STOCKHOLM: Syukuro Manabe of the US and Japan, Klaus Hasselmann of Germany and Giorgio Parisi of Italy, on Tuesday won the Nobel Physics Prize for climate models and the understanding of physical systems, the jury said.
“Syukuro Manabe and Klaus Hasselmann laid the foundation of our knowledge of the Earth’s climate and how humanity influences it. Giorgio Parisi is rewarded for his revolutionary contributions to the theory of disordered materials and random processes,” the jury said.
Manabe, 90, has US citizenship. Parisi is Italian and Hasselmann is German.
The prestigious prize is worth 10 million Swedish crowns ($1.15 million).
Starting in the 1960s, Manabe demonstrated how increases in the amount of carbon dioxide in the atmosphere would raise global surface temperatures, laying the foundations for current climate models.
About a decade later, Hasselmann created a model that helped explain why climate models can be reliable despite the seemingly chaotic nature of the weather. He also developed ways to look for specific signs of human influence on the climate.
Parisi “built a deep physical and mathematical model’’ that made it possible to understand complex systems in fields as different as mathematics, biology, neuroscience and machine learning.
His work originally focused on so-called spin glass, a type of metal alloy in which the atoms are arranged in a way that changes the material’s magnetic properties in apparently random ways that baffled scientists. Parisi, 73, was able to discover hidden patterns that explained this behavior, theories that could be applied to other fields of research, too.
In their work, the physicists used complex mathematics to explain and predict what seemed like chaotic forces of nature in computer simulations, called modeling. That modeling has given scientists such a solid understanding of those forces that they can accurately predict weather a week out and warn about the climate decades in advance.
Some non-scientists have attacked and ridiculed modeling, but it has been key to the way the world tackles one of its biggest problems: climate change.
“Physics-based climate models made it possible to predict the amount and pace of global warming, including some of the consequences like risings seas, increased extreme rainfall events and stronger hurricanes, decades before they could be observed. Klaus Hasselmann and Suki Manabe were pioneers in this area and personal role models for me,’’ said German climate scientist and modeler Stefan Rahmstorf.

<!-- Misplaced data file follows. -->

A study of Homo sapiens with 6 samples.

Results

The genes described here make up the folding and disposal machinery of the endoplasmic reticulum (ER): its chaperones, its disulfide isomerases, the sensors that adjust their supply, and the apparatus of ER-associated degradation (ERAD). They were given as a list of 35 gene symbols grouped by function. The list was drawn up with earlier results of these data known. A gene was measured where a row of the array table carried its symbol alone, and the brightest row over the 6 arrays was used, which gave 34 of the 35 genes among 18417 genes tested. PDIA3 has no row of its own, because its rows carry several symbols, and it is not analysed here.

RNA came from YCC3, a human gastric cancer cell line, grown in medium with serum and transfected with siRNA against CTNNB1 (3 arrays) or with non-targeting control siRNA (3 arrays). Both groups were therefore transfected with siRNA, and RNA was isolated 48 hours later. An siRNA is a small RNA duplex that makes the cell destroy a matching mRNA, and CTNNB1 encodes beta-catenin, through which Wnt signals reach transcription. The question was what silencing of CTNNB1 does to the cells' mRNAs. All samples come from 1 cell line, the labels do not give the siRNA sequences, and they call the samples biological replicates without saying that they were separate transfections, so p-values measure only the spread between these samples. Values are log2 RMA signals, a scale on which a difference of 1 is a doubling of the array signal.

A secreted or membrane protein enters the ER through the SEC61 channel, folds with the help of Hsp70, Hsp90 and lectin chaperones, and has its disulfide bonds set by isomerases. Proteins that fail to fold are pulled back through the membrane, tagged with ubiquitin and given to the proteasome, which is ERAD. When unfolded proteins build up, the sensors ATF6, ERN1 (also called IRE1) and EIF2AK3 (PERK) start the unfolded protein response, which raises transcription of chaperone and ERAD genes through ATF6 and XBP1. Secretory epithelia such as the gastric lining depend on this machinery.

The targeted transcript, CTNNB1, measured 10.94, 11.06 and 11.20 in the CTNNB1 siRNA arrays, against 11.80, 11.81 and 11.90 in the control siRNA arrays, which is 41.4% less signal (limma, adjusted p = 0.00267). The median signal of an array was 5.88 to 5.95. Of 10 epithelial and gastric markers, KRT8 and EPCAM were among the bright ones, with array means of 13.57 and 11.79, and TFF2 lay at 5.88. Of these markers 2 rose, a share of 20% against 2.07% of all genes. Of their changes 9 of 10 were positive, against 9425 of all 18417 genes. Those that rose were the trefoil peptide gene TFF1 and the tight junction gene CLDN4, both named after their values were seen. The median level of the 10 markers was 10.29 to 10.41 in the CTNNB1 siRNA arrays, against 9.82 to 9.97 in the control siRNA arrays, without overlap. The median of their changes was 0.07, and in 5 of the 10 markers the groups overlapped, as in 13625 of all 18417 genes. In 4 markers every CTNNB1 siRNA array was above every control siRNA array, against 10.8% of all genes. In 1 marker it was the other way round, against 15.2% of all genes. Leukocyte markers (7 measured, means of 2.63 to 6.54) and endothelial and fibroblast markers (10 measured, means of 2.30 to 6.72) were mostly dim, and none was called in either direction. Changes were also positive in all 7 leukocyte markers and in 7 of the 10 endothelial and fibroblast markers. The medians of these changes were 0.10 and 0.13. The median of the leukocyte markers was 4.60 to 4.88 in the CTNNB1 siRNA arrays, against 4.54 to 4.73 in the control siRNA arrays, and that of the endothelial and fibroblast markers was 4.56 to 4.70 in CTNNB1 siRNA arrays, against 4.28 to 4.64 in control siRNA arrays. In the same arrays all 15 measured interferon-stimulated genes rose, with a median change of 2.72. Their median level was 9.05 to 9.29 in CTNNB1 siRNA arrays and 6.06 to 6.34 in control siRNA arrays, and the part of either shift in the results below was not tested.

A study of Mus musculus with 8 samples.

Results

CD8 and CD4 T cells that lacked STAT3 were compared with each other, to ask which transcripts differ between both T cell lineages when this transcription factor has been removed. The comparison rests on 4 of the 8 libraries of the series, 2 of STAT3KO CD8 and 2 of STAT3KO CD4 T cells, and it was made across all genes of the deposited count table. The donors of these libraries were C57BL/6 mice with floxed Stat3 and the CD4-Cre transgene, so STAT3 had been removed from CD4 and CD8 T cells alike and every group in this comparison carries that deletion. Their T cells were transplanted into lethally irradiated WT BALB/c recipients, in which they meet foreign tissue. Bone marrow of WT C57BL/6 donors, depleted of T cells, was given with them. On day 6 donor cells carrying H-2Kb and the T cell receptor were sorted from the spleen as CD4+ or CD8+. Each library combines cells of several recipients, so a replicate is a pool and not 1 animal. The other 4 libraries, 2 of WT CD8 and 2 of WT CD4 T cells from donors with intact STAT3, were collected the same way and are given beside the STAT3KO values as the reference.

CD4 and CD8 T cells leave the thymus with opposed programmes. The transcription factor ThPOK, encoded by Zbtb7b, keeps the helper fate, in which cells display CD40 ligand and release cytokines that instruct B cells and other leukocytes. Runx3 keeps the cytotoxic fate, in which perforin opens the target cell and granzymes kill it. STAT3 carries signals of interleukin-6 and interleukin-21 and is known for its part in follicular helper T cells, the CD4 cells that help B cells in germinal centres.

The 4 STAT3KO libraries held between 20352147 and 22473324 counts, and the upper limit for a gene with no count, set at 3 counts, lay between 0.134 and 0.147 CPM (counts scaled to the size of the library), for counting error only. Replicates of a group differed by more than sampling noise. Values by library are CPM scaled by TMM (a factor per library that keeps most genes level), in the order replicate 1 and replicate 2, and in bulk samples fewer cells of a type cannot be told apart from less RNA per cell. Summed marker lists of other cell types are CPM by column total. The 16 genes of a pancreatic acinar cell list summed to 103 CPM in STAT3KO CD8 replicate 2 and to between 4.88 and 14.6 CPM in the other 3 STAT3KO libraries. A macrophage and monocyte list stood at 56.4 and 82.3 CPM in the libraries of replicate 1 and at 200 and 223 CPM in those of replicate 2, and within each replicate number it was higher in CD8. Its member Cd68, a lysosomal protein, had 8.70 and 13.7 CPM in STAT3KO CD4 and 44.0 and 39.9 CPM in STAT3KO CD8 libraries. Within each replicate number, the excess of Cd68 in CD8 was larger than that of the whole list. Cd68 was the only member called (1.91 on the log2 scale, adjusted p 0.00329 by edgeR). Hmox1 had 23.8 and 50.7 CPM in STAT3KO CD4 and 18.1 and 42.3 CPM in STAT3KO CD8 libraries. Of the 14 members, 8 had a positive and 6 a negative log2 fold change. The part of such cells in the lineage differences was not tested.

“We now witnessing how their early predictions are coming true one after the other,’’ Rahmstorf said.
When climate scientists and former U.S. Vice President Al Gore won the 2007 Nobel Peace Prize, some non-scientists who deny global warming dismissed it as a political prize. Perhaps anticipating controversy, officials who spoke at the announcement emphasized that Tuesday’s was a science prize.
“It’s a physics prize. What we are saying is that the modeling of climate is solidly based on physical theory and well known physics,’’ said Swedish physicist Thors Hans Hansson at the announcement.
While Parisi’s work was not focused on climate, he spoke to the pressing problems facing the Earth after the announcement.
“It’s very urgent that we take very strong decisions and move at a very strong pace’’ in tackling global warming, he said. ``It’s clear for future generations that we have to act now.’’
Asked whether he expected to get the prize, Parisi said: “I knew there was a non-negligible possibility.’’
COVID-19 restrictions in Italy meant “we cannot have a very big celebration,’’ he said. “I think we will do something but we are not really decided.’’
The Nobel prizes were created in the will of Swedish dynamite inventor and businessman Alfred Nobel and have been awarded since 1901 with only a handful of interruptions, primarily due to the two world wars.
As last year, there will be no banquet in Stockholm because of the COVID-19 pandemic. The laureates will receive their medals and diplomas in their home countries.
The physics prize announcement will be followed in coming days by the awards for chemistry, literature, peace and economics.
Among the Nobels, physics has often taken centre stage, with awards often going to major breakthroughs in our understanding of the universe. Previous winners include Albert Einstein and the husband-and-wife team of Pierre Curie and Marie Curie.
Last year, scientists Roger Penrose, Reinhard Genzel and Andrea Ghez won the Nobel physics prize for their discoveries concerning black holes.